PA 17-90—sSB 485

General Law Committee

Finance, Revenue and Bonding Committee

AN ACT CONCERNING NOTICE TO THE DEPARTMENT OF CONSUMER PROTECTION REGARDING DEPLETION ALLOWANCES FOR WINE OR SPIRITS, REGISTRATION REQUIREMENTS FOR CRAFT BEER AND FARMERS' MARKET WINE SALES PERMITS

SUMMARY: This act makes several unrelated changes to the Liquor Control Act.

It allows manufacturer and out-of-state shipper permittees for alcoholic liquor other than beer to offer a floor stock or depletion allowance to a wholesaler without Department of Consumer Protection (DCP) approval, required under prior law, provided they give written notice to DCP before offering the allowance.

The act also:

1. allows manufacturer permittees to sell beer they manufacture in the state and sell for consumption on their premises without having to register or label the beer (see BACKGROUND);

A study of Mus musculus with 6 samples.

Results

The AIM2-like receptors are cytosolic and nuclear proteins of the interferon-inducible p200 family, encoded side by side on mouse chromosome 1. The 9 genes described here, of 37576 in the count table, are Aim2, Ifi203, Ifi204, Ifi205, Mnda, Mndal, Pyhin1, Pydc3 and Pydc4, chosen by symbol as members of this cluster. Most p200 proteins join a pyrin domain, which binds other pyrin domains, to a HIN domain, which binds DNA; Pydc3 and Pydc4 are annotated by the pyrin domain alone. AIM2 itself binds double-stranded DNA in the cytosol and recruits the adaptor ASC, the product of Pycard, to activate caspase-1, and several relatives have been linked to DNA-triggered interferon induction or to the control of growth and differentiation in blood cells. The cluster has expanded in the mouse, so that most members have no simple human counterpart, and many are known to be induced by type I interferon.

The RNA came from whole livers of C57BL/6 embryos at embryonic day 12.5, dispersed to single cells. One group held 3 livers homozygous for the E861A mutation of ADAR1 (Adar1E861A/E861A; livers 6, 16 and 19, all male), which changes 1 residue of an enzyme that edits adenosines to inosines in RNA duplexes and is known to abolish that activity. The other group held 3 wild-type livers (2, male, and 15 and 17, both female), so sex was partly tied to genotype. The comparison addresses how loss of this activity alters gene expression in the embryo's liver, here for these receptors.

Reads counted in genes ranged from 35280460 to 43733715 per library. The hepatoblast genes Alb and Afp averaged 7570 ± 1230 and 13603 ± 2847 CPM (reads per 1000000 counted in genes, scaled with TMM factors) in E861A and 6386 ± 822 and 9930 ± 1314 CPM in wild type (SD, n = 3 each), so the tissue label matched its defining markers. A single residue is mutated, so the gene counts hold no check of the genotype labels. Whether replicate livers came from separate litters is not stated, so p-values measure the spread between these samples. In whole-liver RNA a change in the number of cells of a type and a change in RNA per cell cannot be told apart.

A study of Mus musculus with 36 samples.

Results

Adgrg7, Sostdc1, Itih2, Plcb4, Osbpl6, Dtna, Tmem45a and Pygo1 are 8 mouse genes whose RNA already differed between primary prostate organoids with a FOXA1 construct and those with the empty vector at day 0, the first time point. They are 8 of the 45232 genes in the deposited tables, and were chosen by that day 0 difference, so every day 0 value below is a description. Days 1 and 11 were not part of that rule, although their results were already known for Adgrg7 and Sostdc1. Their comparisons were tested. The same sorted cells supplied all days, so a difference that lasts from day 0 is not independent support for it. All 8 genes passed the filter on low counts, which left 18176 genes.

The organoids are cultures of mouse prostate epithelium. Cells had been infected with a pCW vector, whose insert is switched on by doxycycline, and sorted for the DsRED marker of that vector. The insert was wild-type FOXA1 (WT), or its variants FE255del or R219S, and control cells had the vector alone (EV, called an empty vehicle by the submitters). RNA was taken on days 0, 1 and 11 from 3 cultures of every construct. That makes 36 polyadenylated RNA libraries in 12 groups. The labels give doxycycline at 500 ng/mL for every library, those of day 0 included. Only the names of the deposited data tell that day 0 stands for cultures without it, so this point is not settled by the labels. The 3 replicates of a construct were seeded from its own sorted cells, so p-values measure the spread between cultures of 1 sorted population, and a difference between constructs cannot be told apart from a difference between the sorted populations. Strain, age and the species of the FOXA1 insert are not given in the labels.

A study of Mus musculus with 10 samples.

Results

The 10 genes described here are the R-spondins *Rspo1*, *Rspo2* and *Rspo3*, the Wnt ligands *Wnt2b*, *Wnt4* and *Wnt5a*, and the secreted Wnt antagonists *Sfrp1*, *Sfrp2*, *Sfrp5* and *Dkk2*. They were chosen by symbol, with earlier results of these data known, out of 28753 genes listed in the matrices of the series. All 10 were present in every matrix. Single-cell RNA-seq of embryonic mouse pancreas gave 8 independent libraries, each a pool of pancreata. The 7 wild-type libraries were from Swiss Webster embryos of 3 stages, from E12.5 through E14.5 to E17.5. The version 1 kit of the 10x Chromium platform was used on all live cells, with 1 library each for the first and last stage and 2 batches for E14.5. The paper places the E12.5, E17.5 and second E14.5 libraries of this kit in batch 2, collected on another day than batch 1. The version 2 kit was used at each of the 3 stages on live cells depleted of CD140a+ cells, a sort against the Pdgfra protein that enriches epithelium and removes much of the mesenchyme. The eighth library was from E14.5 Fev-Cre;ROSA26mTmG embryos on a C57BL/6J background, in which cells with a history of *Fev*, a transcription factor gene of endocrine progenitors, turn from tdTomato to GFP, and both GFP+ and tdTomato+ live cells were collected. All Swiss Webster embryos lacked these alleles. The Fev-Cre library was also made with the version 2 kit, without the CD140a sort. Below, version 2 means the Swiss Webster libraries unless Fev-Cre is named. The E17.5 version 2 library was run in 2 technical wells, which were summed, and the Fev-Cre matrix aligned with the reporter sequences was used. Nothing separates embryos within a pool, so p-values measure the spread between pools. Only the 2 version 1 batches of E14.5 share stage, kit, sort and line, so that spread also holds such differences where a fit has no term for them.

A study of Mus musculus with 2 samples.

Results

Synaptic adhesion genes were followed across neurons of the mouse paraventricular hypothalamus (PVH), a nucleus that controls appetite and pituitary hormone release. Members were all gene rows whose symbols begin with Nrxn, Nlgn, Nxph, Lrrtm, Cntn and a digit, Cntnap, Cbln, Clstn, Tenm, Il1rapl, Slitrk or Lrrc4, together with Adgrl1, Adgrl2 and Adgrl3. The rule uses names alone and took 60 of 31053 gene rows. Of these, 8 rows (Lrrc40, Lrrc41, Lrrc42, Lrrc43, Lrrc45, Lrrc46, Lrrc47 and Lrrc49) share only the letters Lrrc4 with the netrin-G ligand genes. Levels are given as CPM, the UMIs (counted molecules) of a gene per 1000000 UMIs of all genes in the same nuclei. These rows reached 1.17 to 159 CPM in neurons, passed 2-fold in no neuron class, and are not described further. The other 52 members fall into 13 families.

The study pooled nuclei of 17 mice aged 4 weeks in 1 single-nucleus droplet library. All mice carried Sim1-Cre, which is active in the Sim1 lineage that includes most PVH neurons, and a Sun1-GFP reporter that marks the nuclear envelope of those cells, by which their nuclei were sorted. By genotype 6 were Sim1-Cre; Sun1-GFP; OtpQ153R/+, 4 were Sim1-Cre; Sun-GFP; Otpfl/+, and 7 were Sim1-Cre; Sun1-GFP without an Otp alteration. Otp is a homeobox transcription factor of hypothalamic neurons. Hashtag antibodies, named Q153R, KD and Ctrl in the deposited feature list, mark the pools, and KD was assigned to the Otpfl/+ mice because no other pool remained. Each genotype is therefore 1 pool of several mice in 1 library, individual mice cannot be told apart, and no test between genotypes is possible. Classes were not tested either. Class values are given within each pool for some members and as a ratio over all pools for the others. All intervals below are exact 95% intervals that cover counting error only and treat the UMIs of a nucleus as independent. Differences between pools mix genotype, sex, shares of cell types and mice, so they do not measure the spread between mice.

2. increases, from three to 10, the number of farmers' market locations at which a farmers' market wine sales permittee may sell wine, if invited; and

3. allows the sale, dispensing, or consumption of alcoholic liquor two hours earlier, starting at 9:00 a.m. instead of 11:00 a.m., at events operating under a nonprofit golf tournament permit (e.g., Travelers Championship).

EFFECTIVE DATE: Upon passage, except the beer registration and label exemption provision is effective July 1, 2017.

BACKGROUND

Floor Stock and Depletion Allowances

Manufacturer and out-of-state shipper permittees for products other than beer may give floor stock and depletion allowances to wholesalers.

A “floor stock allowance” is a rebate, discount, or other inducement given to a wholesaler to promote sales of or destroy stock already in the wholesaler's possession. A “depletion allowance” is a rebate, discount, or other inducement given to a wholesaler as a sales promotion (CGS 30-94(b)).

Federal Alcohol and Tobacco Tax and Trade Bureau (TTB)

The TTB, which regulates and collects taxes on alcohol, issued a 2013 ruling that, among other things, clarified that certificate of label approval (COLA) requirements do not require brewers to obtain a COLA if the beer will not be shipped or delivered for sale to another state. But beer that is removed from the premises must comply with applicable federal marking, branding, and labeling requirements (TTB Ruling 2013-1).